Sir Jimmy Savile died in October aged 84 (Reuters)
Sir Jimmy Savile died in October aged 84 (Reuters)

Sir Jimmy Savile was investigated under caution by Surrey police in 2007 over allegations of a sexual assault dating back to the 1970s.

The investigation was later dropped after the Crown Prosecution Service (CPS) said there was insufficient evidence for a prosecution, the force confirmed.

The questioning by police was already known by trustees of the DJ's charity - the Jimmy Savile Charitable Trust - but this is the first time it has been confirmed by police.

The revelations have come out on the eve on an ITV documentary which will claim Savile sexually assaulted up to 10 women when they were underage at the height of his fame.

A spokesman for Surrey police said: "In 2007, Surrey police received an historic allegation of indecent assault which is alleged to have occurred at a children's home in Staines during the 1970s.

"The allegation was investigated and an individual was interviewed under caution. The matter was referred to the Crown Prosecution Service for a charging decision who advised there was insufficient evidence to take any further action."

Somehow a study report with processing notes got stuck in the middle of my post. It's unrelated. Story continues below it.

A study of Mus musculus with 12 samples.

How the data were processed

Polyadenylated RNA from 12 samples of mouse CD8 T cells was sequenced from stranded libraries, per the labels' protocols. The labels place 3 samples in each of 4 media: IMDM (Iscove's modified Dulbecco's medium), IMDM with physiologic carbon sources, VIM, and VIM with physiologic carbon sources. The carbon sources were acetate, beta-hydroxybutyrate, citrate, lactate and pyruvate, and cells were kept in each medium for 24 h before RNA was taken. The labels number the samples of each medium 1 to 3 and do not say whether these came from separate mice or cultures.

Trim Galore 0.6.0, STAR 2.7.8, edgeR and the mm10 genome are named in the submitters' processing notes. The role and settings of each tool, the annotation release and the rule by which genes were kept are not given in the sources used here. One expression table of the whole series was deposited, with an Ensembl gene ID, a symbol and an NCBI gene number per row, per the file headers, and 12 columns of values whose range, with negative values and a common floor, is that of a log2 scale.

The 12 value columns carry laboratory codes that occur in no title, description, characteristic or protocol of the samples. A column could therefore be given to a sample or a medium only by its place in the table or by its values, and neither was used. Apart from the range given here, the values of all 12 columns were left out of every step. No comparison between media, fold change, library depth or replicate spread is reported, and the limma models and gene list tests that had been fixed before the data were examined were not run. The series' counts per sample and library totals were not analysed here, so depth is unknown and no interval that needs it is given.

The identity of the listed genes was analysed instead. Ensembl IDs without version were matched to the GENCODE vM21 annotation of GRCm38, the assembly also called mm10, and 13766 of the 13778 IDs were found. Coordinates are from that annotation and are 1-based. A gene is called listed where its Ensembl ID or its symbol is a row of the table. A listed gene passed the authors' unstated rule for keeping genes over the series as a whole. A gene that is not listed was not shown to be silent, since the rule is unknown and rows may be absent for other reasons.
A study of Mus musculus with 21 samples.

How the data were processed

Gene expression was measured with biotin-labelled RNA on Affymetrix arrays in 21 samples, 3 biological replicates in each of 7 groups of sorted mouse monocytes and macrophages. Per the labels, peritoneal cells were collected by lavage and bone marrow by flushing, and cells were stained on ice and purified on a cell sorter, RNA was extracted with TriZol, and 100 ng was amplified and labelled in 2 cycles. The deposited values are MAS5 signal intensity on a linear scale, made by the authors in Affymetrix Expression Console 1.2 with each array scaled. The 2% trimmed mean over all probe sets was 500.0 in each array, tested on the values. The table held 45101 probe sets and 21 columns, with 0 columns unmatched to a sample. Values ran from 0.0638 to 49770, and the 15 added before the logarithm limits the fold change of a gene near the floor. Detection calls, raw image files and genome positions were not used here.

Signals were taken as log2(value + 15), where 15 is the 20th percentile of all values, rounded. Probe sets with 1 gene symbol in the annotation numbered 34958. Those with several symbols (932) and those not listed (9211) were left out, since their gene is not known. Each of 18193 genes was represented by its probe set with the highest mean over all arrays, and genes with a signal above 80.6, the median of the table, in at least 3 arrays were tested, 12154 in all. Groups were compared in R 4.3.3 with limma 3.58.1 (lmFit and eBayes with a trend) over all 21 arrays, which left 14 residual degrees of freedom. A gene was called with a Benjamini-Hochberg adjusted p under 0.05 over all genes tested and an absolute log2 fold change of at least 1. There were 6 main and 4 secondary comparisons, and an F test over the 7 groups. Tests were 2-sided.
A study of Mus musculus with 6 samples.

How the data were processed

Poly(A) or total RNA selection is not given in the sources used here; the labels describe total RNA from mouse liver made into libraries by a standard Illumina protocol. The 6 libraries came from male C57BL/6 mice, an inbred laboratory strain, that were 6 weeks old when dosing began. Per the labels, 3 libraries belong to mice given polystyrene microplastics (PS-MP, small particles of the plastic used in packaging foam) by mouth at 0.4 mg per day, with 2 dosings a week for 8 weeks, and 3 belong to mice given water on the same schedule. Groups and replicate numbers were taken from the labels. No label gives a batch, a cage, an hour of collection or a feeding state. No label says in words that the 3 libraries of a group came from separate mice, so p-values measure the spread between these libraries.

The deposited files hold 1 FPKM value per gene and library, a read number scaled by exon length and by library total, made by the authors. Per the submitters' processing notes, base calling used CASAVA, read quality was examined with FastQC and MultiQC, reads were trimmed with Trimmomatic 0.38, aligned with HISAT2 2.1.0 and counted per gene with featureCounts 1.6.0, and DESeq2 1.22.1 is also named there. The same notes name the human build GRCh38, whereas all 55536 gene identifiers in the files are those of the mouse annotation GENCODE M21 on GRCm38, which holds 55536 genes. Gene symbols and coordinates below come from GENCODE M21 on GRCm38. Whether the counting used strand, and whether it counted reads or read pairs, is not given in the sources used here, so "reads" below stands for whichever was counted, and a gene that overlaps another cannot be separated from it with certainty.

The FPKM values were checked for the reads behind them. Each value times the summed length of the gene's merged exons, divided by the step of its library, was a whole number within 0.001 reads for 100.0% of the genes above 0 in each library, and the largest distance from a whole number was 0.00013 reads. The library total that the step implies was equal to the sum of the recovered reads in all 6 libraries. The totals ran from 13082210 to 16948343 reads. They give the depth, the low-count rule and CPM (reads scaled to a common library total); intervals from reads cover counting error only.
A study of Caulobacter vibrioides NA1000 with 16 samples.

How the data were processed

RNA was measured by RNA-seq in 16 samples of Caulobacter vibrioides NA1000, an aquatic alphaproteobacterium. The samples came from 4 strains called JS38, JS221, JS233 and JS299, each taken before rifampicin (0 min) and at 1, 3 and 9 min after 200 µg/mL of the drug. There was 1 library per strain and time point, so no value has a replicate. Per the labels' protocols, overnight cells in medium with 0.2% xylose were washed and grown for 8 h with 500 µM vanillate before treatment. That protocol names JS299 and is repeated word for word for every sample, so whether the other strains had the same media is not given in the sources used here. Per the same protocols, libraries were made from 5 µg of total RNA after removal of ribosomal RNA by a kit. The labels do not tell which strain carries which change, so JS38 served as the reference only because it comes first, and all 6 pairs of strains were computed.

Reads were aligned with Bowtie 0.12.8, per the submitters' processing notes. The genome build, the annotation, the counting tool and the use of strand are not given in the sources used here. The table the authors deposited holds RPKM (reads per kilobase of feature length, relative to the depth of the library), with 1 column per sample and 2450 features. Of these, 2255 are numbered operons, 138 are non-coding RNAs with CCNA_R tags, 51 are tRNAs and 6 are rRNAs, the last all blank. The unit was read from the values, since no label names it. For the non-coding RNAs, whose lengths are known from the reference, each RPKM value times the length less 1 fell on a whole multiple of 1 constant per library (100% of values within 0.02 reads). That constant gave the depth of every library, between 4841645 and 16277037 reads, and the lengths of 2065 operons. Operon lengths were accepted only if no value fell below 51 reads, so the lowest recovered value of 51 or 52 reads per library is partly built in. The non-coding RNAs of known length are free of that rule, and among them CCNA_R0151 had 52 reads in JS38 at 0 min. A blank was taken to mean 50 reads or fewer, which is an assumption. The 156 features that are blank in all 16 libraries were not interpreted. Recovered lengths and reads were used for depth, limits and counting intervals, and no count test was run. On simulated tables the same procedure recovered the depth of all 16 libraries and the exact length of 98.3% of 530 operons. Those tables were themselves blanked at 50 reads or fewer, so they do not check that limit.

A spokesman for the Jimmy Savile Charitable Trust told IB Times UK: "It is well known that Surrey police investigated an allegation of underage sexual abuse against Sir Jimmy during his lifetime and determined no action should be taken against him.

"At no time was he found to have committed any such serious offence."

The ITV documentary Exposure: The Other Side of Jimmy Savile is due to be screened on 3 October.

Roger Foster, Savile's nephew, has said his family are "disgusted and disappointed" at the allegations against the 84-year-old, who died last October.

An ITV spokesman said: "This documentary is the result of an in-depth investigation into long-standing allegations of serious and widespread sexual misconduct by Sir Jimmy Savile.

"Because of the very serious nature of the claims made by several interviewees in relation to this, particular care and consideration was of course given to the decision to produce and broadcast this programme.

"The programme takes full account of the fact that Sir Jimmy is not here to defend himself against these claims."

Foster, from Goole, East Yorkshire, added: "The guy hasn't been dead for a year yet and they're bringing these stories out. It could affect his legacy, his charity work, everything. I'm very sad and disgusted."

"I just don't understand the motives behind this. I just think it's very, very sad you can say these things after someone's died and the law says you can't defend yourself when you're dead."